Young Explorer Cara Brook is in Madagascar studying the spread of infections diseases to humans through bats consumed as bushmeat.
During my senior year of undergrad at Stanford University, a close friend called me up one Friday afternoon to ask if she could borrow “any safari clothes you might have on hand.” She was attending a themed party—as is the college student fomba américan—and needed to dress, from the perspective of her childhood, as “the person you wanted to be when you grew up.”
“I wanted to be Jane Goodall,” said Tiffany, now halfway through her third year of med school, “and you were the closest thing I could think of.”
It is true that I had QuickDry khakis enough to satisfy Tiff’s costume demands, but at the time, I felt a long ways from the person I have always wanted to be. Not for lack of trying, of course—I’ve always wanted to make a difference for the world around me, but up to a certain point in life, you usually gain more from life experience than you can contribute. But graduate school is an amazing thing because, for the first time ever, I feel that I am truly giving back.
I write to you once again returned to Tana after a week of netting Pteropus rufus in the Mangoro River Valley of the District of Moramanga, Madagascar. I spent the week camped in a desolate moonscape—a swath of deforestation, doro-tanetry charcoal, and blazing sunlight.
At night, I sat on a ridgetop and watched our bat nets flutter in the wind, lit by the flickering mitselatra (lightning of the sort that does not touch the ground) on the horizon mingled with the warm glow of many tavy fires. Once more, I worked with Christian and with Ando the bat hunter, but also with Rabetso the coal maker and his daughter, Malala, who—though not yet sixteen—can turned downed eucalypts into boiling water and a sack of dried rice, beans, and carrots into food upon a moment’s notice.
Our work is going exceedingly well, and our sample size for Pteropus is now over the magical number of thirty—a somewhat arbitrary baseline by which the scientific world deems that you can suddenly say something about something. I breathe a little easier to think that I may yet convince my research committee that I can pull this all off. And I feel justified in turning my attention to netting the cave-roosting Eidolon dupreanum when I head to the field once again tomorrow…
For the moment, though, I marvel at how wonderful it feels to be doing something meaningful—for science, for conservation, and for people, too. Watching Ando scale a tree to hang a bat net from a fishing line, I can’t help but sometimes think I am rather unessential to my own work, but then again, he would not be paid to do this at all if I were not here—and I’d rather see him netting bats for conservation than consumption.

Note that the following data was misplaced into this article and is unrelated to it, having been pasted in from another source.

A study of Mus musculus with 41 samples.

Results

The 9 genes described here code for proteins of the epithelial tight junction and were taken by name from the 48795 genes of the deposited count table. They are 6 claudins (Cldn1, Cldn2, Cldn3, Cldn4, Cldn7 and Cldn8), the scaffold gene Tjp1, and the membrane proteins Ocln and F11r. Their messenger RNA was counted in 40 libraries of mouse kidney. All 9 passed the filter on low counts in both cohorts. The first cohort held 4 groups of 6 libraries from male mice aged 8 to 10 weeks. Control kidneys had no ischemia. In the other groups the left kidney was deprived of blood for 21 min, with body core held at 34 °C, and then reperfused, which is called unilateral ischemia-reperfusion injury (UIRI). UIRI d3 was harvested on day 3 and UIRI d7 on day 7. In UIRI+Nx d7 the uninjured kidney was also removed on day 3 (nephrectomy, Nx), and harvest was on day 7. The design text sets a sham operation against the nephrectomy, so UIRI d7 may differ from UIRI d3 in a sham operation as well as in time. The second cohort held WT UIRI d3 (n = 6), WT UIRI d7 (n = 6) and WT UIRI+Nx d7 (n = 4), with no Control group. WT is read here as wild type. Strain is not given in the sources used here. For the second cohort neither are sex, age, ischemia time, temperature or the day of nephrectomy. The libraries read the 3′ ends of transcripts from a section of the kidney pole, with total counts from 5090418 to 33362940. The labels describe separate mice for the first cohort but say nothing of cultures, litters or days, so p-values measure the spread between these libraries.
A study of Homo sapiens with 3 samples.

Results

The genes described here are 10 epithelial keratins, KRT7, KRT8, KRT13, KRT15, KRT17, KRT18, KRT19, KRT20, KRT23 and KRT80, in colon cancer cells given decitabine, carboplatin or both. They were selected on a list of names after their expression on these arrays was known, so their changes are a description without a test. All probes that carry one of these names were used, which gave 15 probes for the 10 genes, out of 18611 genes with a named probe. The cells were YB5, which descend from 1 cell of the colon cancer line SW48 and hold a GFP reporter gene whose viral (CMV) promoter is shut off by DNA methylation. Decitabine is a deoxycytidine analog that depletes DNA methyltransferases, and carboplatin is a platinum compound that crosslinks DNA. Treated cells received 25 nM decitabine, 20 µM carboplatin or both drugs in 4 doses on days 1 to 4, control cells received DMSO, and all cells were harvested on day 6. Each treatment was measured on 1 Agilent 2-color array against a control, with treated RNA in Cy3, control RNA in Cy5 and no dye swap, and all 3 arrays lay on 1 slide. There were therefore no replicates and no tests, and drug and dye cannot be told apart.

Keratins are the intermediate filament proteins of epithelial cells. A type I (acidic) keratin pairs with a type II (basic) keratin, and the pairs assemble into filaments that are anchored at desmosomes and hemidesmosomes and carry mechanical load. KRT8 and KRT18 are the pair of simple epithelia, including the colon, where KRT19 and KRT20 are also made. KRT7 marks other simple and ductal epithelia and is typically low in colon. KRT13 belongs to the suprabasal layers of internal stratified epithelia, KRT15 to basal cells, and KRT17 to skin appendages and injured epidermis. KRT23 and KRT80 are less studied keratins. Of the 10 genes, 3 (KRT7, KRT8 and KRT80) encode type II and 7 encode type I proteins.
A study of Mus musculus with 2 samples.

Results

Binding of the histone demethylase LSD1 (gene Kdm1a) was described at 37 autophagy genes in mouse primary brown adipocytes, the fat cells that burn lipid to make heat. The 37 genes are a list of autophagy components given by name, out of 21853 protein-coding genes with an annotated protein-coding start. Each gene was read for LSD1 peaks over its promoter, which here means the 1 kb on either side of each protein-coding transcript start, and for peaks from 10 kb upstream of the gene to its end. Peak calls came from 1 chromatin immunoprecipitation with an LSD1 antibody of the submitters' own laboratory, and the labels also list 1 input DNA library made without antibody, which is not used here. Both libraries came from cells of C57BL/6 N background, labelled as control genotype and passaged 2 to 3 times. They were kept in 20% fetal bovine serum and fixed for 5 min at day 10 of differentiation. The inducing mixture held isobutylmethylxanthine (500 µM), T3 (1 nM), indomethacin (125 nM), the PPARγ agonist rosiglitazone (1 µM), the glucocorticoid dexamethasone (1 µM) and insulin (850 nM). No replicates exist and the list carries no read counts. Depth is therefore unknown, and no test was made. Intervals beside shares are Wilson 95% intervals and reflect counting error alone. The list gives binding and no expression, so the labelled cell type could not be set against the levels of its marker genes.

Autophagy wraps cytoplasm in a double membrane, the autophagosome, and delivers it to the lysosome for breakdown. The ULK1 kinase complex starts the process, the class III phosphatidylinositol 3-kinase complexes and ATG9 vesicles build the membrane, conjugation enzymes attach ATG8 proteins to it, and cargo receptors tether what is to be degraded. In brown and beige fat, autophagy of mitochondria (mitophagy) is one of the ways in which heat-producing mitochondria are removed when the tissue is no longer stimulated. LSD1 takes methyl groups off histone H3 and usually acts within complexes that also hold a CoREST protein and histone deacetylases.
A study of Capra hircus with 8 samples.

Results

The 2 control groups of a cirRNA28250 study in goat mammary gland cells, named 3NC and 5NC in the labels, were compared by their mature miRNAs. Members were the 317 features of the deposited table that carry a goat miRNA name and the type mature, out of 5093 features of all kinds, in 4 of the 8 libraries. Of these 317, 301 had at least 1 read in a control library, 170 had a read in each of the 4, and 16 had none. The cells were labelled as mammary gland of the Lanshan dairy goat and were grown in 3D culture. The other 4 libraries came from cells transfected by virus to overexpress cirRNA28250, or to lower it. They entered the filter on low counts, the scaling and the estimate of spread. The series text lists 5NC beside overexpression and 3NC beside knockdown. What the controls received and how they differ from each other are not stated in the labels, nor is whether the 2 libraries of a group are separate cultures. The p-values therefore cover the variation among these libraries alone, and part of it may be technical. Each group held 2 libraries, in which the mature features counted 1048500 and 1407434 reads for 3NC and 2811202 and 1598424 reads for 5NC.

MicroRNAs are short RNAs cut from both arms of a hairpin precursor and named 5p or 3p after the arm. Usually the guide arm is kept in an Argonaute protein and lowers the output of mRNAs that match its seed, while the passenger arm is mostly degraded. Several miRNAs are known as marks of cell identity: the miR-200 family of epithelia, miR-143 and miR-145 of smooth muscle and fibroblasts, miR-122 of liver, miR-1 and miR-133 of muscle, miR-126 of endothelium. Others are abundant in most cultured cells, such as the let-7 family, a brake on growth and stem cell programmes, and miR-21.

And when Rabetso explains that we need a slingshot to shoot Ando’s fishing line over the mouth of the valley, I stun everyone because I have brought one along from America—you never know. Perhaps I have a better idea of what this all takes than even I realize…
I mentioned last week that I’ve been in discussions with several local NGOs about initiating a community bat monitoring project in the Mangoro Valley—coupled with disease data collection, too. It’s exciting to consider doing something real—for so long I have talked about the person I wish to become, the things I wish to do, and the time is finally here to be that person and do those things.
I was lucky enough to have vazaha visitors this past week sur terrain, and it was wonderful to bring together two very different lives—my Malagasy field team and my ex-pat Tana friends—and talk sustainable development and community conservation and hatch plans for real-world interventions. And it was touching, too, to watch Ando gesticulating wildly over the campfire in an effort to make himself understood to our still-developing Malagasy language skills.
I welcomed my generous friends’ gifts of fruits and vegetables and treats from the city, but could not help but notice how our plastic waste trash bag doubled in size with the arrival of these new, foreign products. My habitual life sur terrain is so exceedingly simple, and it astonishes me how with a mere gony (rice sack) of grain, beans, root vegetables, and salt, we can feed a team for weeks on end.
My western life so complicates my diet—and all other aspects of life, too! I stunned myself yesterday when I counted back the number of showers I have taken since returning to Madagascar on October 27, and I realized they can be totaled with only my two hands—nine.
Time in the city is welcome every now and again—and I am sure those around me appreciate the diminished stench—but I am eager to get back to the ambanivohitra once more. Life is more authentic in rural Madagascar, and I feel I am a truer version of myself when camped in a coal field with only a bat net and the Milky Way for company.
I find, too, that I have more time to think and reflect out there in the middle of nowhere—and it is sur terrain that my Malagasy language skills have really begun to take off. Somehow, I just never seem to find the time to study those vocab words in Tana—let alone at Princeton. In the busyness of developed world life, I always seem to find too many important things to do—though, really, on so many levels, speaking Malagasy is the most important thing I could ever do.
But, as ever, I am glad to lead so many lives at once—and to be reminded now and again of why I choose to lose myself in the Malagasy countryside. Like Steinbeck into the Sea of Cortez, I go out there to “become..truly and permanently a factor in the ecology of the region. We shall take something away from it, but we shall leave something too.”